Tanks have been deployed in the Yemeni capital as top generals pledge allegiance to the “revolution” and the country’s main tribal leader demand President Ali Abdullah Saleh’s exit from power.
Tanks took up positions in key locations across Sanaa, including at the presidential palace, the central bank and the ministry of defence, but it was unclear what their orders were or who was in command.
In a series of body blows to Saleh’s authority, General Ali Mohsen al-Ahmar, an armoured infantry division commander, announced he had joined the “revolution”, along with tribal leader Sadiq al-Ahmar.
“The crisis is getting more complicated and it’s pushing the country towards violence and civil war,” the general said in a statement broadcast by al-Jazeera television.
“According to what I’m feeling, and according to the feelings of my partner commanders and soldiers… I announce our support and our peaceful backing to the youth revolution.
“We are going to fulfil our duties in preserving security and stability.”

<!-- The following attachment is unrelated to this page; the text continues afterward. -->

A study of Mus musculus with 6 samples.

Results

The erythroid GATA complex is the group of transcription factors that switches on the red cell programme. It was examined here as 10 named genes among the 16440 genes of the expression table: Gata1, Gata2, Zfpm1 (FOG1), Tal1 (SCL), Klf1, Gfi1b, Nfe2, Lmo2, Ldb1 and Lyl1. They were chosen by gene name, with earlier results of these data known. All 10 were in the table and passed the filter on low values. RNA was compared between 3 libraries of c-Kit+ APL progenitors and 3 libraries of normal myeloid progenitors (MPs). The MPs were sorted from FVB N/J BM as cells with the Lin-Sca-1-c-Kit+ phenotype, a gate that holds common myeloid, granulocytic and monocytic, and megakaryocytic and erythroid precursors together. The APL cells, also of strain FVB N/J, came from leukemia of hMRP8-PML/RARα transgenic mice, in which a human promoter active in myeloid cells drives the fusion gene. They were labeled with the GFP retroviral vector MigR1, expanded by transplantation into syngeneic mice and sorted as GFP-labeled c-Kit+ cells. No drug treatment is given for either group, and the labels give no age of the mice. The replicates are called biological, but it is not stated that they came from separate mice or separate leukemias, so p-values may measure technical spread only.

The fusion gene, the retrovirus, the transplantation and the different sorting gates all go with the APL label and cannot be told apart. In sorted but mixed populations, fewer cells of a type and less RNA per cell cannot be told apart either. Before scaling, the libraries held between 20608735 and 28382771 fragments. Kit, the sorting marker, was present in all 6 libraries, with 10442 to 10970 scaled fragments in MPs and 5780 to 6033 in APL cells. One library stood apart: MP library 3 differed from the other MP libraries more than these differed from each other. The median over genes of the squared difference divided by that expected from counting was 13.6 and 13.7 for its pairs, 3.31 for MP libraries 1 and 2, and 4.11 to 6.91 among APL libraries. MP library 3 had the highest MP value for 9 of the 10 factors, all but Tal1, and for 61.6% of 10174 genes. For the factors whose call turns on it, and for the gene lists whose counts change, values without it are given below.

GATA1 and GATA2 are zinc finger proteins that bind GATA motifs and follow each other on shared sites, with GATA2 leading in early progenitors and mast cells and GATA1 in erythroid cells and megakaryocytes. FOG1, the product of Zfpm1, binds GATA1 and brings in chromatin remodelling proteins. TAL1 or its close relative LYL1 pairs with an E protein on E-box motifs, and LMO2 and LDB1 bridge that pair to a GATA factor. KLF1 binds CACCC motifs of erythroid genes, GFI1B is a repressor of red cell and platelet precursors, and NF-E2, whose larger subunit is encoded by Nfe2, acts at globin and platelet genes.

One by one, dozens of officers of various ranks stood at the tent city near Sanaa University, where demonstrators have kept vigil since February 21 in spite of a wave of attacks, and publicly pledged to support the revolution.
Another top general, Nasser Ali Shuaybi, said he had also defected along with 60 military officers and 50 police personnel in Hadramawt province.
Sadiq al-Ahmar, who leads the Hashid tribal federation, the largest in deeply tribal Yemen and a crucial source of Saleh’s power, told al-Jazeera television it was time for the embattled president to make a “quiet exit”.
“I announce in the name of all the members of my tribe that I am joining the revolution,” Ahmar said, calling for Saleh “to exempt Yemen from the bloodshed and make a quiet exit”.
The governor of the key southern province of Aden, Ahmed Qaatabi, also resigned “to protest what is happening in the country”, an aide said.
The defections came a day after Saleh sacked his cabinet in a bid to placate opposition calls for sweeping reforms in the key US ally.
The regime has lost the support of religious leaders and been weakened by the resignations of ministers, ambassadors and a host of ruling party MPs, but Saleh has refused to stand down until his term ends in 2013.
His regime was internationally condemned after more than 50 people were killed as loyalist gunmen opened fire on protesters in Sanaa’s University Square, the centre of the pro-democracy movement.